SWBC's LenderHub blog is a one-stop resource for lenders.

 

Pope Francis Weighs in on the Dark Art of Money Magic

Every now and then in our business, a headline comes across the newswires that makes you do a double and triple take.


As we reach the end of a stellar Q1 earnings season, the US equity markets continue to trend sideways in search of the spark that will reignite the “animal spirits.” More than 400 of the S&P 500 constituents have reported Q1 results thus far, with 75% delivering upside surprises on the top line and 81.5% beating on the bottom line.


The markets seemed to heave a sigh of relief last week over the April labor report, which showed weaker than expected average hourly earnings (AHE) growth. The Wall Street consensus was 2.7% year-over-year (YoY) growth, and the print came in at 2.6%. However, the markets shouldn’t feel relieved for too long.


Every profession has its own version of a very bad time, a time where there really is no way to win, a time when the best result is not losing too badly. For bond traders, the flat yield curve is such a time. A wise man once said, “You never notice oxygen until it’s not there.” A normal, positively sloped yield curve delivers life-sustaining oxygen to a bond trader in the form of “carry.” When the yield curve is positively sloped, a five- or ten-year bond funded by one-month money, interest earned on the bond position is greater than interest paid to fund the position. That is called “positive carry.”


April sure has been an interesting month, and we are only midway through it! In just the last two weeks, the U.S. has seriously sparred with its greatest economic competitor (at least by size of economies), China, and its greatest military competitor, Russia. The President of the United States had the offices of his private attorney raided by the FBI, perhaps pushing the President closer to a constitutional showdown over the fate of Special Counsel Robert Mueller.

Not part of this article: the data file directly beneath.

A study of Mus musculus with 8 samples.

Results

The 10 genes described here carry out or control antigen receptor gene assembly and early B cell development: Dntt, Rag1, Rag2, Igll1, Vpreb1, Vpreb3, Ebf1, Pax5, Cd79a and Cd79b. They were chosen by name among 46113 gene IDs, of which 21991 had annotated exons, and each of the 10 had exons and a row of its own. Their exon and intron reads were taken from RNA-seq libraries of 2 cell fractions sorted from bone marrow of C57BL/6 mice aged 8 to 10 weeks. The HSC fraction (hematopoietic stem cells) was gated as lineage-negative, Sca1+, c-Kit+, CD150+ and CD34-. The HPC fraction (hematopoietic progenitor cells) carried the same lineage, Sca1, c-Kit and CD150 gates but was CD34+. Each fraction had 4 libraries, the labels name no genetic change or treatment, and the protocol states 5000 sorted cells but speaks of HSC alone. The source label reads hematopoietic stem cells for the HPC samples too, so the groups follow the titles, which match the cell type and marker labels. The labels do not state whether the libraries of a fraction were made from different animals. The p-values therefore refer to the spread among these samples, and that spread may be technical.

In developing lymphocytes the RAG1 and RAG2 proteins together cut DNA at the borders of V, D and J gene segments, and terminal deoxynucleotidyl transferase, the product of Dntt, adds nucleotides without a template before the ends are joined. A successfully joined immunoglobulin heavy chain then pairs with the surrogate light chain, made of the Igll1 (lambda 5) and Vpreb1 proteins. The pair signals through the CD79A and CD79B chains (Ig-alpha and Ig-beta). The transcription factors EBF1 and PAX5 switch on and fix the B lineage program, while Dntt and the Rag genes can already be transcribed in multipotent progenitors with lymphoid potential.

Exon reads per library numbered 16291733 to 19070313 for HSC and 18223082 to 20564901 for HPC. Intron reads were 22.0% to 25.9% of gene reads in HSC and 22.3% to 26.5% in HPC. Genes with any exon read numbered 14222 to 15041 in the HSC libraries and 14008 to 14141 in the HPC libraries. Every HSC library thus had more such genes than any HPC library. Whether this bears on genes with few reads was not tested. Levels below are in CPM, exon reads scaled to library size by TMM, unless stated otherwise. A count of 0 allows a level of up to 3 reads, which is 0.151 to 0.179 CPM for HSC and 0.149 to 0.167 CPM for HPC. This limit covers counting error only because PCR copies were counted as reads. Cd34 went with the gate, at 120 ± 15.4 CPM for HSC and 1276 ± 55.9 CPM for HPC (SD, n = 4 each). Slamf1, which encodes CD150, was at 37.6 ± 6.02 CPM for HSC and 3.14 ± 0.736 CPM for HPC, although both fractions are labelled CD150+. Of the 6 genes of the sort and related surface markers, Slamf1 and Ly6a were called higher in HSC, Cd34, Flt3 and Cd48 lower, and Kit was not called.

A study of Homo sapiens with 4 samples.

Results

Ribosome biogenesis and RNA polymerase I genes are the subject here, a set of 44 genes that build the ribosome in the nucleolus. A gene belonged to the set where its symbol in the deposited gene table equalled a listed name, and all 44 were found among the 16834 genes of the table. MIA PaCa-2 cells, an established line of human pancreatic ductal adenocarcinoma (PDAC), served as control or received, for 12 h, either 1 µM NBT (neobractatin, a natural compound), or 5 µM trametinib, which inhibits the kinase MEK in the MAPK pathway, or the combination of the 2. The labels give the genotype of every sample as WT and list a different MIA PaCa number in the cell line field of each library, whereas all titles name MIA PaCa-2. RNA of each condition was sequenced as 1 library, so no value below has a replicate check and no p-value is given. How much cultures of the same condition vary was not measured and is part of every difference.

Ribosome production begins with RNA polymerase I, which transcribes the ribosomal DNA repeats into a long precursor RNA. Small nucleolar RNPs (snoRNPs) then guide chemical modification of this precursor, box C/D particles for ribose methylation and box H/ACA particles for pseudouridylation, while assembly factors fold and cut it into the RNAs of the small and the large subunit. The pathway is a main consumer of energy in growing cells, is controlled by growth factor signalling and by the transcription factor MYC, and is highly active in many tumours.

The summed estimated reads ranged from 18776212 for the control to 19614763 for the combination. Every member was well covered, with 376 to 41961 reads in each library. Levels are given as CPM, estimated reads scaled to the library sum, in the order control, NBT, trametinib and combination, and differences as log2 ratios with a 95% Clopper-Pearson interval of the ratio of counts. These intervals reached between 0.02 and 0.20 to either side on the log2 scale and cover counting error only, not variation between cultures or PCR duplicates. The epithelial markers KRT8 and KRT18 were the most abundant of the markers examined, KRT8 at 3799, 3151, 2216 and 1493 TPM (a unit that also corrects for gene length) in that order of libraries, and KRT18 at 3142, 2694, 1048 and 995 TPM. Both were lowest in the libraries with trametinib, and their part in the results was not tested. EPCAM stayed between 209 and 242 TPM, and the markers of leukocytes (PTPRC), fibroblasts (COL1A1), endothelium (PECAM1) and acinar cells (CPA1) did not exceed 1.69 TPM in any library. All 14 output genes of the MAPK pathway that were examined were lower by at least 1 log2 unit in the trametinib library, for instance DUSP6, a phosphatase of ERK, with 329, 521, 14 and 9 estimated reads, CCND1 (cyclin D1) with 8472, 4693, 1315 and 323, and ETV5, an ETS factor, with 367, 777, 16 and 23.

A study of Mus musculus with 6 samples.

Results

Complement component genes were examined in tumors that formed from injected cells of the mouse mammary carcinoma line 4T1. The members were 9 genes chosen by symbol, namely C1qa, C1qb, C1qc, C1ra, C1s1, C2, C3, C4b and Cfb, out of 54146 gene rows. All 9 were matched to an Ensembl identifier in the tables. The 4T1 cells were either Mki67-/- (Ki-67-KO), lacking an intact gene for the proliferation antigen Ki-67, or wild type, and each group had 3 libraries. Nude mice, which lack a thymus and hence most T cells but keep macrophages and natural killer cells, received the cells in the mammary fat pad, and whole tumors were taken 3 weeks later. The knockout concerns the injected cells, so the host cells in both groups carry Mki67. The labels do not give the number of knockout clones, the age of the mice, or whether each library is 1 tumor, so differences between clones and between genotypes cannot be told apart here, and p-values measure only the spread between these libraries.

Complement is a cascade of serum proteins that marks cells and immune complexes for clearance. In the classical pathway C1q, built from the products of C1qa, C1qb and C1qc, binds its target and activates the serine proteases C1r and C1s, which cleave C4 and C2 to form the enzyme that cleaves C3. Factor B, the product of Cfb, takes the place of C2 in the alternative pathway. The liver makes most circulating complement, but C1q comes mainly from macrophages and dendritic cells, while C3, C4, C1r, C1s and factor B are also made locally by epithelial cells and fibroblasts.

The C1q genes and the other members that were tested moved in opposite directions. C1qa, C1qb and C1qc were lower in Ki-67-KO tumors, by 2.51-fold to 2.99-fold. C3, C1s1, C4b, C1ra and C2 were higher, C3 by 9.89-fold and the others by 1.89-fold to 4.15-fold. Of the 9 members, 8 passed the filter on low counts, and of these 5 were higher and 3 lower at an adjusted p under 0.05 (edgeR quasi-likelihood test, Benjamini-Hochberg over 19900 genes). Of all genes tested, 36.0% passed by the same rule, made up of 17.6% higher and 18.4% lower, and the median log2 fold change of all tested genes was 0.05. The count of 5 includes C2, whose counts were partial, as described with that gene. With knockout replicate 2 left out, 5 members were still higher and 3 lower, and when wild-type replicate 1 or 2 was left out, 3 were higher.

Last week, another move toward a global trade war was initiated, as President Trump spoke of slapping an additional $100 billion in unspecified tariffs on China. The Chinese responded that they will have a very specific list of tariffs on U.S. goods, totaling $100 billion in retaliation.


The U.S. equity markets remain in a corrective trading range between the January 26th high of 2872 and the rising 200 day moving average of 2588. After an extended period of tranquility following the U.S. Presidential election, volatility has broken out of its own trading range. Beginning with the blowup that led to the closing of several leveraged inverse VIX ETFs, intraday market swings over the last six weeks have been wide and wildly unpredictable (see chart 1). From a technical perspective, the S&P 500 closed the week with a successful retest of the 200 day moving average, providing some hope for the bulls going into the weekend.


Last week was supposed to be the coming-out party for new Federal Reserve Chairman Jay Powell as he presided over his first FOMC meeting. The Fed—as predicted by just about everyone—raised the Federal Funds Rate 25 basis points (the effective range is now 1.50%-1.75%). Perhaps more important than the policy decision was how the new Chairman answered questions about policy and the economy going forward.


Friday’s employment report was, on the surface, a mixed bag, with a surge in job growth coupled with lower than expected average hourly earnings (AHE) growth. Last month’s 2.9% year-over-year growth in AHE was a shocker, as it showed that the growing strength of the U.S. economy was not only adding jobs, but workers were either finding better jobs or getting wage increases from their current employers. The February report —published Friday— showed a slight revision to January’s AHE (2.8% from 2.9%) and a lower than expected, but still strong, 2.6% increase in February.


Last night, Secretary of the Treasury Steve Mnuchin had some rather interesting things to say about inflation: “There are a lot of ways to have the economy grow. You can have wage inflation and not necessarily have inflation concerns in general.” This might be true in periods where we have had tremendous leaps forward in productivity. Absent of that, however, this thinking runs counter to traditional economic thought, which is the thought that governs the Fed.